This narrated slide show gives a brief overview of coral biology and how coral reefs are in danger from pollution, ocean temperature change, ocean acidification, and climate change. In addition, scientists discuss how taking cores from corals yields information on past changes in ocean temperature.

This is an interactive website that provides descriptive information and data related to ten key climate indicators. These climate indicators and related resources show global patterns and data that are intuitive and compelling teaching tools.

This video is the first of a three-video series from the Sea Change project. It features the field work of scientists from the US and Australia looking for evidence of sea level rise during the Pliocene era when Earth was (on average) about 2 to 3 degrees Celsius hotter than it is today.

In this video, Michael Mann and Stefan Rahmstorf explore some of the information from the 2013 IPCC 5th report in light of public perceptions of climate science.

This activity allows students to make El Nino in a container, but it might work better as a teacher demonstration. The introduction and information provided describe El Nino, its processes and its effects on weather elsewhere in the world.

This video describes the joint NASA-JAXA GPM (Global Precipitation Measurement) satellite mission and why it is necessary for monitoring precipitation around the Earth. It also discusses the science around issues of having too much or too little precipitation such as landslides and drought. It emphasizes the need for data to fill in gaps, and why data and being able to predict natural disasters is so valuable.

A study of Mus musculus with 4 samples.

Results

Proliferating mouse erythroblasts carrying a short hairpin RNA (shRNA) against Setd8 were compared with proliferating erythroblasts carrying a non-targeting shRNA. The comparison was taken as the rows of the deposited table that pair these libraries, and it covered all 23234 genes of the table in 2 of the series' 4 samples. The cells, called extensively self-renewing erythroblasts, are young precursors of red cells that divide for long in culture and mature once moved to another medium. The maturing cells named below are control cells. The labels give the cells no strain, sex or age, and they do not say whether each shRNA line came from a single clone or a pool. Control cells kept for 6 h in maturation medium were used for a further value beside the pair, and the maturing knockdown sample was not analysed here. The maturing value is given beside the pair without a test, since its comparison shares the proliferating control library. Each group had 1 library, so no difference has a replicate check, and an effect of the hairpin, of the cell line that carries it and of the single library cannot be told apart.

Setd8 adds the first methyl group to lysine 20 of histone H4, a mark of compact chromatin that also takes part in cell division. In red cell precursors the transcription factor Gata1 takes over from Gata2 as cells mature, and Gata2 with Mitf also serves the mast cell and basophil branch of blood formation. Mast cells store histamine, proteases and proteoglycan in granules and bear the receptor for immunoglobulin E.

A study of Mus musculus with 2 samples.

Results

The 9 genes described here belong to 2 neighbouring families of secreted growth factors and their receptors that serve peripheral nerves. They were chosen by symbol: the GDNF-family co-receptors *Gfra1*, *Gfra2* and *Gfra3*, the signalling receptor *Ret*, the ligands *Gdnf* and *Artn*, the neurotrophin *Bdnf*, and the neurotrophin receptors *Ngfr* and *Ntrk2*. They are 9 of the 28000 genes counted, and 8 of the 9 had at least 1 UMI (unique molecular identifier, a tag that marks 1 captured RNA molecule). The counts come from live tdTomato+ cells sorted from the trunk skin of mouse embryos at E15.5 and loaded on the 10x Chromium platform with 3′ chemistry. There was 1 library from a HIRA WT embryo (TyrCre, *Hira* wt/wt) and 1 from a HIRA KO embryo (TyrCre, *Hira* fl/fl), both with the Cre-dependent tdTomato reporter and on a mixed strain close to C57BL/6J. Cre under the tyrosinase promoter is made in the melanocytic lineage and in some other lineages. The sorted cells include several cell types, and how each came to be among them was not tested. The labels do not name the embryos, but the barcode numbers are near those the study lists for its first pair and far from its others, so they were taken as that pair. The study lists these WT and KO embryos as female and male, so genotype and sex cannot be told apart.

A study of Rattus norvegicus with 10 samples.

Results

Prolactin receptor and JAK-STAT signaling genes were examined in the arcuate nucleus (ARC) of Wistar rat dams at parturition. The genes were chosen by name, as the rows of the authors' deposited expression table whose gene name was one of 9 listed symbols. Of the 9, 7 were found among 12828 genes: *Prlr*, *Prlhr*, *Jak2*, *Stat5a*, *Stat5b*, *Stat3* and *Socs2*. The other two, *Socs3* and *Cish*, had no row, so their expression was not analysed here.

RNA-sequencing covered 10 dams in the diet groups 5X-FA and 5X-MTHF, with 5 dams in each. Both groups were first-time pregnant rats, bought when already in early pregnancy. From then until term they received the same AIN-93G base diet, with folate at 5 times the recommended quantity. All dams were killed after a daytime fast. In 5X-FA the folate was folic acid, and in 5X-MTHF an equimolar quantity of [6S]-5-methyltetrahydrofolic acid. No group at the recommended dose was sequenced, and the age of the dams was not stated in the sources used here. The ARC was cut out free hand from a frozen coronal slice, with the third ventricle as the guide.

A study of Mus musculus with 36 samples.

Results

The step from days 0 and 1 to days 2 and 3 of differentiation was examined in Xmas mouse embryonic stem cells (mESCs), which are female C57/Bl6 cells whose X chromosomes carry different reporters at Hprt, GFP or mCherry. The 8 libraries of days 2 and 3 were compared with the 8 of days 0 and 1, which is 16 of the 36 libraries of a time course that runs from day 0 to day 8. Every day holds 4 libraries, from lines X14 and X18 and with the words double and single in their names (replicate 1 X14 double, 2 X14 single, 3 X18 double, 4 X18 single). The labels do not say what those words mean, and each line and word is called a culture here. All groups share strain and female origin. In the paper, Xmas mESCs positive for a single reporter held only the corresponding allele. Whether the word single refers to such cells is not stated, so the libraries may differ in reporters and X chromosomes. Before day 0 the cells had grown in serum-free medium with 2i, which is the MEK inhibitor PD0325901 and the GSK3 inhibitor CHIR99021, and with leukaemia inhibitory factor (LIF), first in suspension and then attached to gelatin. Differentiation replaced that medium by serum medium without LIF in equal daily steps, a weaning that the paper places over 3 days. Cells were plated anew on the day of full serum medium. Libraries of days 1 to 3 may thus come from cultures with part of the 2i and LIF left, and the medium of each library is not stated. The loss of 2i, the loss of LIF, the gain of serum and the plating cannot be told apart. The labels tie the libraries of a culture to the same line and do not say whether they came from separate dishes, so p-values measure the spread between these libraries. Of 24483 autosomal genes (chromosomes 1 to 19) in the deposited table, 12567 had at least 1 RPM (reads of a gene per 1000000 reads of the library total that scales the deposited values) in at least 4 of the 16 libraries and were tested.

Using US Drought Monitor data and its classification system, this interactive tool tracks drought in the continental US by county, from 2000 to the present.

This short video examines the recent melting ice shelves in the Antarctica Peninsula; the potential collapse of West Antarctic ice shelf; and how global sea levels, coastal cities, and beaches would be affected.

This video on phenology of plants and bees discusses the MODIS satellite finding that springtime greening is happening one half-day earlier each year and correlates this to bee pollination field studies.

In this video, students learn that scientific evidence strongly suggests that different regions on Earth do not respond equally to increased temperatures. Ice-covered regions appear to be particularly sensitive to even small changes in global temperature. This video segment adapted from NASA's Goddard Space Flight Center details how global warming may already be responsible for a significant reduction in glacial ice, which may in turn have significant consequences for the planet.